Arhan Sarma utilizes technology to support education in India


Arhan Sarma (’22) plays games with school children from the Sonkheda Village in 2019. He said he made many Meaningful connections with the children he worked with.

Sophia Bassi, Staff Writer

After visiting the only school in Janata Vashat village in India, Arhan Sarma (’22) realized the importance of education and how essential it is for all children. This has led to his pursuit of providing children in India with technology, supporting their learning in a tech-reliant world.

Sarma said that, without an education, families in India tend to be stuck in a poverty cycle, continuing the same jobs in their village. Yet, with a quality education, they are able to lift themselves out of poverty and are more likely to succeed in society.

“People don’t really grow out of poverty the way that they should be doing without education,” he said. “With an education though, they can go to a different high school, and then they can raise their kids or their families in a different city.”

His trip to Janata Vashat village was the start of Sarma’s partnership with Pratham, one of India’s largest non-governmental organizations. The charity works to improve the quality of education in the country.

Sarma later spent the summer of 2019 in Sonkheda village, spending one month learning about technology integration in Pratham’s program. Through developing connections with the schoolchildren during that month, he said he not only gained empathy, but was also more motivated to help.

Infographic by Sophia Bassi

“At some point, you develop a little bit of a connection with the people you’re working with,” he said. “You see how different their lives are from yours. You realise what struggles they go through. Of course you gain a little bit of empathy, but at some level you also understand what they’re going through.”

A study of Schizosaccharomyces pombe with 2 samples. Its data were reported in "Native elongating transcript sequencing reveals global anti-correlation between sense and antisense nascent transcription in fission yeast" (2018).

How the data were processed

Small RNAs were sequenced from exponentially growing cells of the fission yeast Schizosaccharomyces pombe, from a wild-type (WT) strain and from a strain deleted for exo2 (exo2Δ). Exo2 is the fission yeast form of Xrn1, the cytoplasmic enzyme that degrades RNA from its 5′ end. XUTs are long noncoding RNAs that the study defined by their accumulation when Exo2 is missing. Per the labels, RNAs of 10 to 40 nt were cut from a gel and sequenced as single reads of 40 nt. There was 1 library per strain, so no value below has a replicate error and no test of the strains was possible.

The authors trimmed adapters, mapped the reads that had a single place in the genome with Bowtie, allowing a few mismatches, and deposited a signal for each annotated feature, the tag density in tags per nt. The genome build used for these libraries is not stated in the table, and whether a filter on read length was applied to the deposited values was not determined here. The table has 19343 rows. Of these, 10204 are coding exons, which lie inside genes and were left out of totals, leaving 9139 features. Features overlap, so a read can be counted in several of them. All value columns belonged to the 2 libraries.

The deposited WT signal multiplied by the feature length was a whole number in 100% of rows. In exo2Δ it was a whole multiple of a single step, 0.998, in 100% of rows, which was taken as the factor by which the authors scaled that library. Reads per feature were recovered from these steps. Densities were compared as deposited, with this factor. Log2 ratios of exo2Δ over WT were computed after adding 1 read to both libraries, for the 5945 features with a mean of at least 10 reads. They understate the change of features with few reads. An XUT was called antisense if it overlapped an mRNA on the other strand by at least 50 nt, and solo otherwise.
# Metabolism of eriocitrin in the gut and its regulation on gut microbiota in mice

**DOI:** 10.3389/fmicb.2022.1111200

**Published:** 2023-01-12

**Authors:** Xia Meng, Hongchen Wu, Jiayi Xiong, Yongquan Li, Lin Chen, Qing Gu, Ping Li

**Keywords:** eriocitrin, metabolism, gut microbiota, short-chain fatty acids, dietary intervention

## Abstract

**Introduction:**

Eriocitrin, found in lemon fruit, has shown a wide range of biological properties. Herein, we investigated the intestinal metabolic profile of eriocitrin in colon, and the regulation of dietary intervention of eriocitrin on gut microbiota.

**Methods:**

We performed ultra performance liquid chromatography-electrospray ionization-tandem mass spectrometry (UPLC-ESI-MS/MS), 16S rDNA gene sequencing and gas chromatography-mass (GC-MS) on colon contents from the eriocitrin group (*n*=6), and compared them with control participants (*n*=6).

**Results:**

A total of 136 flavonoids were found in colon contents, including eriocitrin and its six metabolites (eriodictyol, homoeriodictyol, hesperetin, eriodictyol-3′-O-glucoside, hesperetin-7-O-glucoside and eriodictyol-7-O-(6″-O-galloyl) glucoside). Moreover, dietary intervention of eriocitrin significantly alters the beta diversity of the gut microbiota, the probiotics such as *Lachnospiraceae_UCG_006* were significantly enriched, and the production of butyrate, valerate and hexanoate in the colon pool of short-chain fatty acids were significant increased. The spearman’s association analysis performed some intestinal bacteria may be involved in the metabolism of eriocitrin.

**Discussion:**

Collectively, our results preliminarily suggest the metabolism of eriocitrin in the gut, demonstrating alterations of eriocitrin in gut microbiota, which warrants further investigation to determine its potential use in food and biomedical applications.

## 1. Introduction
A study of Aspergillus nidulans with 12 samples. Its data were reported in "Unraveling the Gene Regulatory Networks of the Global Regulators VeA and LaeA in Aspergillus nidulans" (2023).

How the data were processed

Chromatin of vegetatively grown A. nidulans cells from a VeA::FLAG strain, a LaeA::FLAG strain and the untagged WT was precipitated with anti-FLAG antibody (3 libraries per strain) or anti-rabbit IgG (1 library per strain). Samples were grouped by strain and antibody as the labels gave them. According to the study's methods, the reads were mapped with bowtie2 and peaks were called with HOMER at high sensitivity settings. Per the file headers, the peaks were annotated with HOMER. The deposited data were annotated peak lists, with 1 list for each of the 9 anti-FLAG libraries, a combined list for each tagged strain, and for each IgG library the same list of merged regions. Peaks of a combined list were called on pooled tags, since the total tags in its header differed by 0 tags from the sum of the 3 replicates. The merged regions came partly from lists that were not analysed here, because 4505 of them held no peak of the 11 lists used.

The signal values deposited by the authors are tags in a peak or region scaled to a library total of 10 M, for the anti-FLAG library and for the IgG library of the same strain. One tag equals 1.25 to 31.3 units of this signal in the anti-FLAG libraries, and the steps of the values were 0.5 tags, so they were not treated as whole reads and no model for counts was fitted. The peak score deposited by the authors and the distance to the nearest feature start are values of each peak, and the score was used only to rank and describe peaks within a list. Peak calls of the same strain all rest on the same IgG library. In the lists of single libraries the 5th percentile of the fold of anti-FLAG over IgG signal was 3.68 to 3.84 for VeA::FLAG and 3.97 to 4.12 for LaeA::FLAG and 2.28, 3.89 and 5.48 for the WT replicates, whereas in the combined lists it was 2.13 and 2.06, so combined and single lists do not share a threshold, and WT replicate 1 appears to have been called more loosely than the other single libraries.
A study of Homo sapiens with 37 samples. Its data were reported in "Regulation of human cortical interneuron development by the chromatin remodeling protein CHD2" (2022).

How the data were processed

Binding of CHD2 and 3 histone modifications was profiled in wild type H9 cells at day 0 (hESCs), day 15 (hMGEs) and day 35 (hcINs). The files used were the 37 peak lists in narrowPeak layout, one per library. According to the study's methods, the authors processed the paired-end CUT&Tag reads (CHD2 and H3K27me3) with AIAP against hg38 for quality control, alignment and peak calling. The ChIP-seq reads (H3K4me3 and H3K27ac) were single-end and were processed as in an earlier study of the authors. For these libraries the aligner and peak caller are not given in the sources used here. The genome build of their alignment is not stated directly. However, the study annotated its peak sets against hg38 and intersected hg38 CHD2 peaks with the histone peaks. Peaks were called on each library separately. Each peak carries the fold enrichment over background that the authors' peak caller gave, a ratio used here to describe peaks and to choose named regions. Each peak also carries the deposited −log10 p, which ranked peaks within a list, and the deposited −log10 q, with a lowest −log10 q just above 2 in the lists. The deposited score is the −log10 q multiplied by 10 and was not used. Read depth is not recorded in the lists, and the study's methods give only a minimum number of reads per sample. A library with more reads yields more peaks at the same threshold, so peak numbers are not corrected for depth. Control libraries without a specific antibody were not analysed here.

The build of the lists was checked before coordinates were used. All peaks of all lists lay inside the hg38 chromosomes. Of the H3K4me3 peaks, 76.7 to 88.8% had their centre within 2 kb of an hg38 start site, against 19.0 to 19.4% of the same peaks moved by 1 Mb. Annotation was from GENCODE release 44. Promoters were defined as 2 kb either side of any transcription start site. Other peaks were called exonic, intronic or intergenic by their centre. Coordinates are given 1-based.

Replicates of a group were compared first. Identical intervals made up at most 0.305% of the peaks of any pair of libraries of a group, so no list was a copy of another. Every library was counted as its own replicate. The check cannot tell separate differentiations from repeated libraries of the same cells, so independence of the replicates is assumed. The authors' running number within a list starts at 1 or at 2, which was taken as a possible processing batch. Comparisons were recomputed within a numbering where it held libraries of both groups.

When spending time with the children, he also said he noticed their motivation to learn.

“When I go to these villages, I see a lot of fire in them and they’re hungry for knowledge,” he said. “I want to give them as much technology as possible,” Sarma said.

Six months ago, Sarma decided to start a fundraising drive to buy tablets for Indian villages, which he hoped to be able to hand out in-person. He created a fundraising page to raise money, which Pratham sent out on email blasts; Sarma also asked people he knew to donate.

Sarma said as the world’s technology usage grows, it is important that children should be able to know how to use it.

“In a more technology-reliant world, having basic skills is important to function,” he said. “Using great technology and having those skills will attract jobs and will incentivize village children to leave their villages and go to these jobs.”

Arhan Sarma (’22) launched a fundraising drive to purchase tablets for Indian villages and is also hoping to teach kids programming remotely. Read more about his work here. (Photo courtesy of Arhan Sarma (’22))

However, as Pratham is also an employer in India, the money raised has been reappropriated to make sure people do not lose jobs, especially considering the pandemic’s impact. 

In addition, Sarma plans to work with Raspberry Pi, a U.K.-based charity that works to teach computing worldwide. Through fundraising, he plans to provide Indian children with computers so that he can teach them how to program with Raspberry Pi remotely. 

“If I can’t be in India, what else can I do while I’m home?,” he said. “That’s what I’m thinking about constantly. This partnership through Raspberry Pi, which is the ability to teach programming thousands of miles away, is something that in the next six months or a year, even after COVID, is critically important.”

For Sarma, his overall long term goal is to supply students with more technology for their learning. He said to some extent, technology can serve by itself as education when it needs to. 

“India is very rural,” he said. “There are places that it’s quite hard to get a full classroom and it’s too expensive,” he said. “While that’s unfortunate, at a much cheaper rate, you can offer a Wi-Fi router and tablets, and you can offer some semblance of an education to kids.”